Best Tips for Disaster Recovery Plans

Posted On: Mar 24, 2014

Dealing with the devastation of a disaster requires extensive planning and well thought out preparation. Creating a dedicated plan for addressing a disaster response and maintaining records for insurance purposes are the two best ways to begin preparing for a disaster of any kind. For businesses, an organizational plan that addresses things like supplier and distributor logistics, data recovery, employee health and safety, and insurance concerns is extremely important to successful disaster recovery. The benefits to having strong continuity plans for disasters will help reduce delays, minimize data losses, reduce insurance and legal liabilities, and help promote a faster recovery.

Preventative Preparation

The first step to take when planning a disaster response is to develop a preventative preparation that aims to reduce risks and mitigate damages. While there is little that can be done to actively prevent a natural disaster, other types of disasters like data losses and some types of fires can be prevented. Installing surge protectors, using generators, backing up data, monitoring networks, maintaining fire and smoke alarms, and having a response and evacuation plan in the event of an emergency situation are all good measures to take for preventative preparation.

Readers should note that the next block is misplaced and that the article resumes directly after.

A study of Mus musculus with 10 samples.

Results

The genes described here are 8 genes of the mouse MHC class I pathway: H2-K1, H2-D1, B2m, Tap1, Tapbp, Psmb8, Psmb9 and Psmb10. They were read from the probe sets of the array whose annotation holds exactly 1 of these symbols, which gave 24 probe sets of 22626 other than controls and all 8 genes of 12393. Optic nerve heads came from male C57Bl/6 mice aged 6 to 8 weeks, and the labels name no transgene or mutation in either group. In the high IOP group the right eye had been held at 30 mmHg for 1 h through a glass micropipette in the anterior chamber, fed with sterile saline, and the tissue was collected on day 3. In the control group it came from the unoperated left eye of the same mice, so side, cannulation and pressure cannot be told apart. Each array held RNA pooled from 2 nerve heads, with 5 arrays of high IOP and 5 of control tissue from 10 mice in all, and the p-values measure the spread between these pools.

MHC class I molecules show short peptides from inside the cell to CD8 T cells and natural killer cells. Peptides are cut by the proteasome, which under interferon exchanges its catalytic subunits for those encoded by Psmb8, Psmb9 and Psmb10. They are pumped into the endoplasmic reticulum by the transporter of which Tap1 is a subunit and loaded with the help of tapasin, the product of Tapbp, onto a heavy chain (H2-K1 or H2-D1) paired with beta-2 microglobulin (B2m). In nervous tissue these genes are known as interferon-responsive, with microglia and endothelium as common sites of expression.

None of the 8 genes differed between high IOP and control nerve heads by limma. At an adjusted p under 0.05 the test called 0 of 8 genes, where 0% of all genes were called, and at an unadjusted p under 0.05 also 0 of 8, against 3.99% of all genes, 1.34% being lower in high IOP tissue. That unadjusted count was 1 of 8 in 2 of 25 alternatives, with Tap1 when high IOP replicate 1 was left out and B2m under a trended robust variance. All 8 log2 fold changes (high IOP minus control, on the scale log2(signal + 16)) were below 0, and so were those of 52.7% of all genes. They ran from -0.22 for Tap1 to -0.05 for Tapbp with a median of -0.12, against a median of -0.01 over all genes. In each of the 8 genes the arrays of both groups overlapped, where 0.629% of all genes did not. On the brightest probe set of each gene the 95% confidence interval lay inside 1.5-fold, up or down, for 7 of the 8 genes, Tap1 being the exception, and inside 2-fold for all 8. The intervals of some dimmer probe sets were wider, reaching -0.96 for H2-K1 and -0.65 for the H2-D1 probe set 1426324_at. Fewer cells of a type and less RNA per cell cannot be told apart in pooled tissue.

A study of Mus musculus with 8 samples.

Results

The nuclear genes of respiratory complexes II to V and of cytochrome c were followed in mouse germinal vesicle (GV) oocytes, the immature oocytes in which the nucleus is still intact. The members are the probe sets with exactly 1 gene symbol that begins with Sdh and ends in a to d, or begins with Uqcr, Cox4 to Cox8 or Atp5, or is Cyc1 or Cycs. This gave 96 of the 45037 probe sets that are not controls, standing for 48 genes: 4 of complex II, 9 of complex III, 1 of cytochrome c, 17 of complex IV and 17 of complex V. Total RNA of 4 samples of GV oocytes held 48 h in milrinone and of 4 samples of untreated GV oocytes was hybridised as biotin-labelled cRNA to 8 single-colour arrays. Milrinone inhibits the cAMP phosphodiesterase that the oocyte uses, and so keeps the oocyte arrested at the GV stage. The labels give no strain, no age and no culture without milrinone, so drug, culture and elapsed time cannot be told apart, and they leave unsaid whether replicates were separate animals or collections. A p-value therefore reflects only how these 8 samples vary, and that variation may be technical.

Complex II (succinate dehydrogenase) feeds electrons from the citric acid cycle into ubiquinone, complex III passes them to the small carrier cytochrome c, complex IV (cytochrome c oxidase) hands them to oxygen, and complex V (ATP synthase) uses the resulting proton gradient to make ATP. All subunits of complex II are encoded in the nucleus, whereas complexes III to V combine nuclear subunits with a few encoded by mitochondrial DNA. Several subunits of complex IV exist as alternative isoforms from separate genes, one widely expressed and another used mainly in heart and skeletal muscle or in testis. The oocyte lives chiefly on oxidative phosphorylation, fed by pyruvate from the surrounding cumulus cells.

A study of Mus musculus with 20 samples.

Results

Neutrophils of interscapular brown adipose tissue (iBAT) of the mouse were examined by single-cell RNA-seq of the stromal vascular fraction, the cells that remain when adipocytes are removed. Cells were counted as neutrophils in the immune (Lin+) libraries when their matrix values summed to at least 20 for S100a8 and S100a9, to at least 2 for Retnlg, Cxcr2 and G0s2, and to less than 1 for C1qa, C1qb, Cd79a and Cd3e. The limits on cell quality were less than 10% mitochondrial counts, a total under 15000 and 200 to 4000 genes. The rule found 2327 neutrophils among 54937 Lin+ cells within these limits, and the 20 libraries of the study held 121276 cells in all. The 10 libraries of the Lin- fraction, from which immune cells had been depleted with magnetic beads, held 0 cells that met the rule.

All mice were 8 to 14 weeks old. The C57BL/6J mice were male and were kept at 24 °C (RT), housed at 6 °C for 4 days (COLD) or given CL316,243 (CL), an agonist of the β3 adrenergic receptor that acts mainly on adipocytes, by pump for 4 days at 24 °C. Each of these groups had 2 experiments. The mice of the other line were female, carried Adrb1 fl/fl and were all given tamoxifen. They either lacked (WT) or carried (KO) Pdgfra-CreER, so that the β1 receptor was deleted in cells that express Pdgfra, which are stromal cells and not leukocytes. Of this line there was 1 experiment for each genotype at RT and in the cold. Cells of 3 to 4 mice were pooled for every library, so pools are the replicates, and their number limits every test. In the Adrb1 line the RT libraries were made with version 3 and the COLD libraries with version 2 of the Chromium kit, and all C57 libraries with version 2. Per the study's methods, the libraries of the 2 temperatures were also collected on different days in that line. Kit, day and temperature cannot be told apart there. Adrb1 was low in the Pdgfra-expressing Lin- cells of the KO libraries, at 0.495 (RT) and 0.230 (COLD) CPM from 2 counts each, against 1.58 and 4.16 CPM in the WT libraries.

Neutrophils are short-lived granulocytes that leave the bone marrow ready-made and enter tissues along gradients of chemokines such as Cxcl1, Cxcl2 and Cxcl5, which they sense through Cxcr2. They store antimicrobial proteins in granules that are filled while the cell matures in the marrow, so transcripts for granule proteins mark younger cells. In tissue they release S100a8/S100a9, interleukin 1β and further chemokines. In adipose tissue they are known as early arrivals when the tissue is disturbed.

Corrective Responses

Beyond preventative preparation, the reality of many disasters is that losses are going to occur and you will need to be able to respond to these. These responses comes down to quickly addressing damages, restoring downed systems, and arranging insurance claims in the immediate aftermath. For the latter, keeping important documentation in a secure place, backing up data, and keeping detailed records of purchases and items damaged or destroyed will facilitate the insurance claims process.

Ongoing Organizing and Planning

The most effective disaster recovery plans are tested and rehearsed. This can mean testing systems security, ensuring data is secure, verifying insurance is sufficient, and coordinating evacuation and emergency response procedures with family or employees. The planning process will vary greatly for individuals and private residences over that of businesses. The revenue aspect makes disaster planning for businesses somewhat different. Organizing plans for communicating with vendors and suppliers and sustaining the operations or getting them going again to ensure revenue continues is the primary focus of business planning for disasters.

On a personal, residential level, this planning is about personal health and safety and ensuring your home is habitable and your possessions safe and recoverable. Make sure you have a plan for safely storing valuables, understand your insurance policy, and keep an emergency response kit with provisions and emergency essentials.